Japanese Music Highlights for January 2022 – Presented by Make Believe Melodies

Soichi Terada - Asakusa Light

OTAQUEST contributor Patrick St. Michel runs an email newsletter called Make Believe Mailer, an offshoot of his decade-long blog Make Believe Melodies. Every week, he shares essays and round-ups of new Japanese music, from J-pop to independent releases. For the final time, he offers a sort of best-of from the month, highlighting Japanese songs worth your time and other developments in the world of Japanese music.

Soichi Terada — Asakusa Light

There’s an out-of-time quality to Soichi Terada’s Asakusa Light, the electronic artist’s first album of all new material in 25 years. That final bit goes a long way to explaining the daze these 11 tracks conjure. As Terada told Crack last year, Asakusa Light took shape in the initial, gloopy months of the COVID-19 pandemic, and the time spent cooped up coupled with no live club shows to escape into prompted the house master to reflect on his early days of creation. He turned to synthesizers and drum-programming techniques from his youth, lending this collection a familiar feel that never comes off as dated. Rather, it reminds of how strong these tools can still be decades on.

Yet you don’t need press-release details to be swept up inside the revelry of Terada’s latest. The songs strut and glow — melodies emerging from synth fog on “Double Spire” to turn the uneasy into the joyous, while transforming the cerebral into the cathartic on the shuffling “Diving Into Minds.” As is often the case with reflecting, there’s moments of melancholy — conveyed by the chimes on “Runners” or the pitch-shifted notes stumbling around “From Dusk” — but it’s the surrendering to a good feeling, even if just for a few minutes. Get it here, or listen above.

PAS TASTA — “turtle thief”

A sort of Netlabel All-Stars To The Rescue situation, PAS TASTA consists of hirihiri, Kabanagu, Phritz, Quoree, Amane Uyama and Yuigot. They are here to…make some “HyperPop,” or at least a sort of buzzy, busy electronic song featuring mutated vocals and a lot of constant mutation. It’s really good, and then it becomes great in the last stretch thanks to a guitar bit that isn’t shy about shredding. Listen above.

Oyubi — Earnin It

Japan’s juke community remains as vibrant as ever, continuing to draw from and properly honor the Chicago born sound while finding their own touches to add to it. Oyubi is one of the strongest young voices to emerge from this scene in recent memory, and flexes all sorts of variety here on latest full-length release for Trekkie Trax. At times effervescent (“Atencion 3”) and other times disorienting (“Acid Hat,” “Cling Roll”), Oyubi finds a way to always keep the beat going strong. Get it here, or listen above.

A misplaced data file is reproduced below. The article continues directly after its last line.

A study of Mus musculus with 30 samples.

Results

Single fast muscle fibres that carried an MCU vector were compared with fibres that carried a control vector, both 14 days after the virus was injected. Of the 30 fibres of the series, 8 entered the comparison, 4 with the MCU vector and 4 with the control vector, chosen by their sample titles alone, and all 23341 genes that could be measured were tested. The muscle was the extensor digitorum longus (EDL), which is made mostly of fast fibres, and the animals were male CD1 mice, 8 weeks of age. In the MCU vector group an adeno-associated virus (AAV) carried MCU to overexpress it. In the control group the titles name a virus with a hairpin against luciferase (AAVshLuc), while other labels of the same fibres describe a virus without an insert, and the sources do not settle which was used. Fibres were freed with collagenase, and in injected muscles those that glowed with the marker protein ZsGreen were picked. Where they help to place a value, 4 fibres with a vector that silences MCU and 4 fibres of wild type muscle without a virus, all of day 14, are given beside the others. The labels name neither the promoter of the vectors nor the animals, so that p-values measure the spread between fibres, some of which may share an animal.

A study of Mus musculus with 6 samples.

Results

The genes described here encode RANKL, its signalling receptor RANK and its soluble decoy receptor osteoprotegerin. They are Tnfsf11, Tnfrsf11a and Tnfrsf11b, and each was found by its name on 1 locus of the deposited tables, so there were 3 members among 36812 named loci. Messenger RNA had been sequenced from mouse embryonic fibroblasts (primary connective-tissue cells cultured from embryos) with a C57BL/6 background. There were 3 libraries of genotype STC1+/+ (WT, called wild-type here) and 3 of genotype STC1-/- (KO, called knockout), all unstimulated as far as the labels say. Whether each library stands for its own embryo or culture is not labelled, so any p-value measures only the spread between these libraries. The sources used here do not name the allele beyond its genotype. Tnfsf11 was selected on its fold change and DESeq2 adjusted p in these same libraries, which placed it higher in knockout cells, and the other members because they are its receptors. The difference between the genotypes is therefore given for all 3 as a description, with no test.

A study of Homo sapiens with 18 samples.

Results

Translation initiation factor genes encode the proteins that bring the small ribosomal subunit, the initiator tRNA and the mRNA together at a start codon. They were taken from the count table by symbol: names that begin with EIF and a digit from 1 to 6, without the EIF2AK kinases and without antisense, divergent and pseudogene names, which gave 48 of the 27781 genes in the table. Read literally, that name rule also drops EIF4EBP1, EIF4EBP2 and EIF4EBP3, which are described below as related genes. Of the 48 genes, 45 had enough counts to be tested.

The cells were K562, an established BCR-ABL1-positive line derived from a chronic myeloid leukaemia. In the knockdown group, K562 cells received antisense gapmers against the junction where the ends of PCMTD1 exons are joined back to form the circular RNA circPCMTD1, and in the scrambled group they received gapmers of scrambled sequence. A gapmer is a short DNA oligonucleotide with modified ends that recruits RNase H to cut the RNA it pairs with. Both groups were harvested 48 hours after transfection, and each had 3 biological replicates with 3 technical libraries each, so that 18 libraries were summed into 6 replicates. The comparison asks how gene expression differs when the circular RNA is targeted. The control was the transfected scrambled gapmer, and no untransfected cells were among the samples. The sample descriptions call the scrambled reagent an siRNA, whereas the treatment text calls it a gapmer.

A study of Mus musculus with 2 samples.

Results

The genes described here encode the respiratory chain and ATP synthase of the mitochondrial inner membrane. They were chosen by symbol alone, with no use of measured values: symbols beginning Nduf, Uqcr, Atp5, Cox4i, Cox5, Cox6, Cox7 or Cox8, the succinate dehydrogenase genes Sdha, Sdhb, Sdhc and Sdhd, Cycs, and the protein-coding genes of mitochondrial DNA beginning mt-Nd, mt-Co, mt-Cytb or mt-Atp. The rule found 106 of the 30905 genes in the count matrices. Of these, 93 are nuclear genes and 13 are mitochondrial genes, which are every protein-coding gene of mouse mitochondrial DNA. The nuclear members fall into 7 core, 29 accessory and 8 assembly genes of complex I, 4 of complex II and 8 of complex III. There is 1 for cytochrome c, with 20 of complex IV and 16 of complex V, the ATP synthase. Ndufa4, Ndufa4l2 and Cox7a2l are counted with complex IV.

iri — “Matenrou”

Who needs fake nostalgia when you can live in the moment? Bucking the boom in domestic city pop which usually means laid-back tempos and easy-breezy views of life, iri plunges into the hustle and bustle of Tokyo on “Matenrou,” gliding over an urgent pace made all the more immediate by string sections and synth blurs courtesy of producer Yaffle. This head-first dive into the city has more in common with Sheena Ringo’s early wanderings through the capital than any Bubble-era act, observing and getting lost in the whirlwind. Listen above.


It’s the little moments of unease that stick with you. ANTI BLUE isn’t far removed from the laid-back sounds intersecting with the J-pop overground, but Ako always makes sure to smudge those good vibes up enough to make her music dizzying rather than dull. She mutates her voice by overlapping her vocals on the otherwise funky “bye,” or lets horn blasts disrupt the otherwise locked-in “As I Landed On Mars.” Let’s not undersell Ako’s songwriting chops, as she’s still providing a catchy base even when adding offbeat streaks to songs like the melancholy “Jocho” (below) or the more uptempo closer “Somewhere.” Yet the details elevate it, and add some welcome disruption. Listen above.

Thanks so much for reading this feature over the last few months. If you want to continue getting music highlights, interviews, and analyzes of Japanese music right in your inbox, sign up for Make Believe Mailer here.